We’re talking about a hot topic today: probiotic supplements. On the show, my guest, Anthony Thomas, Ph.D., shares the true definition of a probiotic, discusses why taking the right probiotic supplement may be good for your health, and explains what to look for on supplement labels to make sure you’re getting what you paid for.
“Diversity, when referring to gut bacteria in adults, generally indicates good health.”
~Anthony Thomas, Ph.D.
Antony Thomas, Ph.D. is the Director of Scientific Affairs at Jarrow Formulas. I met him back in January at a conference where he gave an eye-opening lecture on probiotic supplements and the importance of knowing about the strains you’re taking. It turns out that not all probiotics are created equal. The key to choosing the right supplement for you or a family member is to look for probiotic strains that been studied for a specific health benefit.
We covered a lot of ground on the podcast, so I decided to split the Probiotic Supplements episode into two parts. In Part 1, Dr. Thomas offers a primer on probiotics. In Part 2, he answers YOUR questions … and trust me, you had a lot of questions!
Health benefits of well documented probiotic strains. (Slide: Courtesy Jarrow Formulas)
(Slide courtesy, Jarrow Formulas.)
For years, I’ve been taking a probiotic supplement to maintain a healthy balance of bacteria in my body and to reduce the incidence of urinary tract infections (UTIs). When I met Anthony at the conference and found out he was with Jarrow Formulas (the makers of the Women’s Fem Dophilus supplement I had been taking), I was eager to share my healthy success story with him. Of course, Anthony just wanted to tell me all about the two well-studied probiotic strains in my supplement, and on the show, you’ll hear about them too!
Anthony Thomas says, “A properly labeled probiotic should list the genus, species, and strain for every probiotic organism in the product, as well as the minimum number of live cells or colony forming units (CFUs) per serving when used prior to the “Best Used Before Date” and stored as recommended.”
The manufacturer should also list their contact information on the label. (Slide courtesy, Jarrow Formulas.)
- A brief discussion about dietary supplements that have been studies for healthy aging and longevity.
- The “microbiome” and “microbiota” … what they are and what they mean.
- Where microbial communities live in and on our bodies and their many health benefits.
- How certain probiotic supplements can help some women ward off urinary tract infections (UTIs).
- The intricacies of the vaginal microbiota. Less diversity is better.
- A probiotic is defined by the World Health Organization as: Live microorganisms that, when administered in adequate amounts, confer a health benefit on the host.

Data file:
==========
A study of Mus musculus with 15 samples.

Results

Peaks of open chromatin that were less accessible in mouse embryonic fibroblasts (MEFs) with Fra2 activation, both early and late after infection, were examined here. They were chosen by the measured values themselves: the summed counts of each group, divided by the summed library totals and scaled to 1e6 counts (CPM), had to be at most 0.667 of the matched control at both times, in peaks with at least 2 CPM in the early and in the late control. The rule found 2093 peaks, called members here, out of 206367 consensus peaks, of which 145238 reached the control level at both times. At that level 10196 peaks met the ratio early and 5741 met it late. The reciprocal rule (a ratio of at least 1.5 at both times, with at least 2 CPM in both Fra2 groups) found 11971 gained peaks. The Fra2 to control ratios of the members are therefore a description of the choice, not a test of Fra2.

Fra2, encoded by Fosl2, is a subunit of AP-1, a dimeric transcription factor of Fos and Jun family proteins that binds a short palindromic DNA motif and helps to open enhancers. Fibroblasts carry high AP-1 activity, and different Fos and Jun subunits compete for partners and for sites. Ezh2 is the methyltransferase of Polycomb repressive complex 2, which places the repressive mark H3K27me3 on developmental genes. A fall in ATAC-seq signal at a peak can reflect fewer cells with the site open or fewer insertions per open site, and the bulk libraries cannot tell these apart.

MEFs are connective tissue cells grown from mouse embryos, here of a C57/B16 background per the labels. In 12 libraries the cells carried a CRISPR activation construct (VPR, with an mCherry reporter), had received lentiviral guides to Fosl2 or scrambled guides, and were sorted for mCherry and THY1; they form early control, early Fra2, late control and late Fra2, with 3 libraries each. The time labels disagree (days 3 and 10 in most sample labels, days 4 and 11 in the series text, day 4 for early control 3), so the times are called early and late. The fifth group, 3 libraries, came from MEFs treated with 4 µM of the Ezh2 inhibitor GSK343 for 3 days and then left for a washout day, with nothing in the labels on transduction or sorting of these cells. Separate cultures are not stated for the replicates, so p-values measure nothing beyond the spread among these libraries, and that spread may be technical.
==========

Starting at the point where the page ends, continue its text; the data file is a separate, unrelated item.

- Probiotics are strain, dose, and condition specific.
- Good Examples:
- Lactobacillus rhamnosus GG (marketed to support digestive health and supported by science)
- Lactobacillus rhamnosus GR-1 (marketed to support women’s vaginal and urinary tract health and supported by science)
- When evaluating a probiotic supplement, make sure the manufacturer identifies the Genus, Species, and Strain. If a probiotic, for example, is listed as Lactobacillus (which is the genus) and rhamnosus (which is the species), that’s simply not enough. You need to know the specific STRAIN, which is generally designated with a combination of letters and numbers after the genus and species.
- Do your own research! It’s easy. Here are two ways to learn more about probiotics before you buy them:
- When you see a probiotic strain listed on a label, you can search the published scientific research by going to Pubmed and typing in the name of that specific strain. For example, if you go to Pubmed and search for Lactobacillus rhamnosus GR-1, which is found in Jarrow’s fem dophilus, nearly 100 published studies come up.
- You can go to the Clinical Guide to Probiotics for information on brands, specific strains, recommended dosage, indication, and references for the studies that back up each health indication.
- The widespread misuse of the term “probiotics.”
- What happens when you swallow a probiotic? How does it get to where it needs to be?
- How a probiotic supplement may help to keep kids healthy.
- How a properly-labeled probiotic should have company contact information listed.
- Why we should limit exposure to antibiotics and antimicrobials.
My email: [email protected]
- The Parents On Demand Network
Clinical Guide to Probiotics – You’ll find information on brands, specific strains, recommended dosage, indication, and references for the studies to back up each health indication.